Wednesday, April 15, 2015


After a couple of episodes of Marvel's Daredevil -- obligatory, "Now available on Netflix!" -- one thing that really stands out to me is just how hellish life is when you're not on SHIELD's helicarrier. Throughout the Avengers/Marvel Universe movies, we get a sanitized version of the results of the kind of violence that meta-humans and gods can unleash (not to mention the aliens) on a city. Those gargantuan Chitari flying whale-things in Avengers easily topple buildings and the Hulk is smashing everything that is and isn't moving but you never get a sense of the human cost behind all that destruction. Thousands must have died in the "Battle for New York." Never mind that "The Council" was going to nuke Manhattan, there must have been massive causualties on the ground.

Daredevil doesn't really get into that aspect of the Battle for New York, but it has featured the aftermath as a boon for organized crime to rebuild sections of the city and swindle huge amounts of cash into their bank accounts. What Daredevil has done is bring the Marvel Universe right down to the streets, grime and garbage included. (And at the end of the second episode, we go under the streets in one intense round of combat.)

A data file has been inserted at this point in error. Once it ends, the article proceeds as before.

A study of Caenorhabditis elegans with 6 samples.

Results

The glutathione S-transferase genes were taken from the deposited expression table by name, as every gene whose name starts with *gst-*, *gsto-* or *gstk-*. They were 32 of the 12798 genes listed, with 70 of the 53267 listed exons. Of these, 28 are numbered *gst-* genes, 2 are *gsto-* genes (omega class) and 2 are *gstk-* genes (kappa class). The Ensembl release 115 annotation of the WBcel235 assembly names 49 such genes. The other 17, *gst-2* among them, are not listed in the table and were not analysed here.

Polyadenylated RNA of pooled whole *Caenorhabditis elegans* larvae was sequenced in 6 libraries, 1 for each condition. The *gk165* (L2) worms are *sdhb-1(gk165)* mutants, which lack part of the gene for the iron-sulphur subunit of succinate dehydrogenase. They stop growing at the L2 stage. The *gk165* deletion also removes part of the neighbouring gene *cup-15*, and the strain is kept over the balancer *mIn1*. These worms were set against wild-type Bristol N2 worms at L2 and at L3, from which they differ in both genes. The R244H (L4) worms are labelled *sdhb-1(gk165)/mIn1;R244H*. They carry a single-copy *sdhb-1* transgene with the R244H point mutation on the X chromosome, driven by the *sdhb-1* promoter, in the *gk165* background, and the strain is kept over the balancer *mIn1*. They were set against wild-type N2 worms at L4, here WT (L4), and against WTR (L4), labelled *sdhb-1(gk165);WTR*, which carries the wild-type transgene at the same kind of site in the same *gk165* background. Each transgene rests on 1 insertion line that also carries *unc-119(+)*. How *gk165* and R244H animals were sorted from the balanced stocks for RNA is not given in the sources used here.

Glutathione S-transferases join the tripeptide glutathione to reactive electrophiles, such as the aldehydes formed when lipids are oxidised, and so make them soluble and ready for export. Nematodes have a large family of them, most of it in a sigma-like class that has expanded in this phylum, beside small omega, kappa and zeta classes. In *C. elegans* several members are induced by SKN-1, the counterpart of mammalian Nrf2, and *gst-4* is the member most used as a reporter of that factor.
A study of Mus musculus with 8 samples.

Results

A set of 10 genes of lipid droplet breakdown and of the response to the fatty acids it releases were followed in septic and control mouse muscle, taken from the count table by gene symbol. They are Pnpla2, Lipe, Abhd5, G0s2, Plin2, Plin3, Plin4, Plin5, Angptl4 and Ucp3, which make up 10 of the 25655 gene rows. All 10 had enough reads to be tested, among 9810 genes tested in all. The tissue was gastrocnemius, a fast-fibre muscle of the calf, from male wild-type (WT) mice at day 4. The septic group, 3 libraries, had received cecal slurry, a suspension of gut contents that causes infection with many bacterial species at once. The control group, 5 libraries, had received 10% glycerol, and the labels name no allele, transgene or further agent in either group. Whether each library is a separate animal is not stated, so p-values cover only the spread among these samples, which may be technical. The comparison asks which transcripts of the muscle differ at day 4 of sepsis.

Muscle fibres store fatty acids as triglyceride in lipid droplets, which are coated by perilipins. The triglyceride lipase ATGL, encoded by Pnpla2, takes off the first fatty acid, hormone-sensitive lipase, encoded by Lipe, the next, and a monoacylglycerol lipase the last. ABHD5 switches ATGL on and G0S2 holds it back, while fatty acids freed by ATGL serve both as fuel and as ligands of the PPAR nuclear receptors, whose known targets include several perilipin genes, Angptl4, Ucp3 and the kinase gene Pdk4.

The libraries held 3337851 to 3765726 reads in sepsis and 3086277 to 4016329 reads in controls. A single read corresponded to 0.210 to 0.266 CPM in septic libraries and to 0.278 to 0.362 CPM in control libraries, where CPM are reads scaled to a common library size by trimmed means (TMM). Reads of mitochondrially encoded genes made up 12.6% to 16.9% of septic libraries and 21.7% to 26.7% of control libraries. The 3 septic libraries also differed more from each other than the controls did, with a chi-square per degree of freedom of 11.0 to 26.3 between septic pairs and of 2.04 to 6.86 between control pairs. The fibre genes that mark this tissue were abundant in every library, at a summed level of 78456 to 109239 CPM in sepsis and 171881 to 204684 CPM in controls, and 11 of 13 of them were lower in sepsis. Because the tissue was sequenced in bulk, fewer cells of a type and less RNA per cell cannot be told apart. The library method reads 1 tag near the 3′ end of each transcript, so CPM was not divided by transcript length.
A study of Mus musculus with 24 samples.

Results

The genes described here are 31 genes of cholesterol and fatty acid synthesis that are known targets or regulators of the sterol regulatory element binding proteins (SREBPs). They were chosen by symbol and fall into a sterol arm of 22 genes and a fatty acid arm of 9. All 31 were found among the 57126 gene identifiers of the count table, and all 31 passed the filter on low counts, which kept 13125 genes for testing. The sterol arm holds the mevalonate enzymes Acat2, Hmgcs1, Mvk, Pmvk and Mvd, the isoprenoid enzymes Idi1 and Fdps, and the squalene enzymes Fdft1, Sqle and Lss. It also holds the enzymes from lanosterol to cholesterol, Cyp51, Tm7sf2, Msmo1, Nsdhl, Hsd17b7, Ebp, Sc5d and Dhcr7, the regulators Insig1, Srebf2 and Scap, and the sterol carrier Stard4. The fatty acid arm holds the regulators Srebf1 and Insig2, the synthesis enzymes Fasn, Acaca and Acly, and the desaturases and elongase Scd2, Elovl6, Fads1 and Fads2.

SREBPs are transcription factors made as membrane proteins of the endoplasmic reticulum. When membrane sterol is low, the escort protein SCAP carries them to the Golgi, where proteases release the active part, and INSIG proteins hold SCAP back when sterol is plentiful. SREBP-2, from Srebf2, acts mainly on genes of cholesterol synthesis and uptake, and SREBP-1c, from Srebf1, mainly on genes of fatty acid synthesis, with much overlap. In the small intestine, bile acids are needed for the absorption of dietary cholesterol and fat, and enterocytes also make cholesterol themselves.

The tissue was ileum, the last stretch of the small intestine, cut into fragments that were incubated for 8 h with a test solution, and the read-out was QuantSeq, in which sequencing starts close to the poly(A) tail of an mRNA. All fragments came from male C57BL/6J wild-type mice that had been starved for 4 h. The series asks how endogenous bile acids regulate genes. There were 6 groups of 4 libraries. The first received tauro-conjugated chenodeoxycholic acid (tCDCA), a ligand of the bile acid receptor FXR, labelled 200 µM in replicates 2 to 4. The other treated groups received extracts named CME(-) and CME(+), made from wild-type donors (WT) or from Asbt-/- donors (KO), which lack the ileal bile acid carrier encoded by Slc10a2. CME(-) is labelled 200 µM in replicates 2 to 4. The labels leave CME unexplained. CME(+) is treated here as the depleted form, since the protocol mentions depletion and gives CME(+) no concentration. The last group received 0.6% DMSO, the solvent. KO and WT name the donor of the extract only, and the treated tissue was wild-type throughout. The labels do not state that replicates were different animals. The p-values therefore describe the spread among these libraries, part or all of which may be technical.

Daredevil's version of Hell's Kitchen is brutal. The level of violence isn't something that's prevalent in the Marvel films but in Daredevil, it's par for the course. Even when the action shifts away from Matt Murdock (aka Daredevil) beating on criminals, there's this sense that something terrible is about to happen to characters not actually involved in the fighting.

The results of a suicide (by pistol) and a murder (multiple stab wounds), seem out of place for something in the Marvel Universe, but Daredevil is the other side of that same coin. At least so far, everyone involved is human. Aside from Daredevil's blindness and heightened senses, the combatants are all on equal footing (i.e. human). The fighting is choreographed and interesting to watch but as fights wear on, there's this noticeable toll on the participants. The fighting gets sloppier, combatants are slow to get on their feet, they make mistakes.

After a couple of episodes, this dark corner of the Marvel Universe is working for Daredevil. It does make me wonder if Frank Castle will make some kind of cameo even if it's in passing. I mean, what's Thomas Jane up to these days anyway?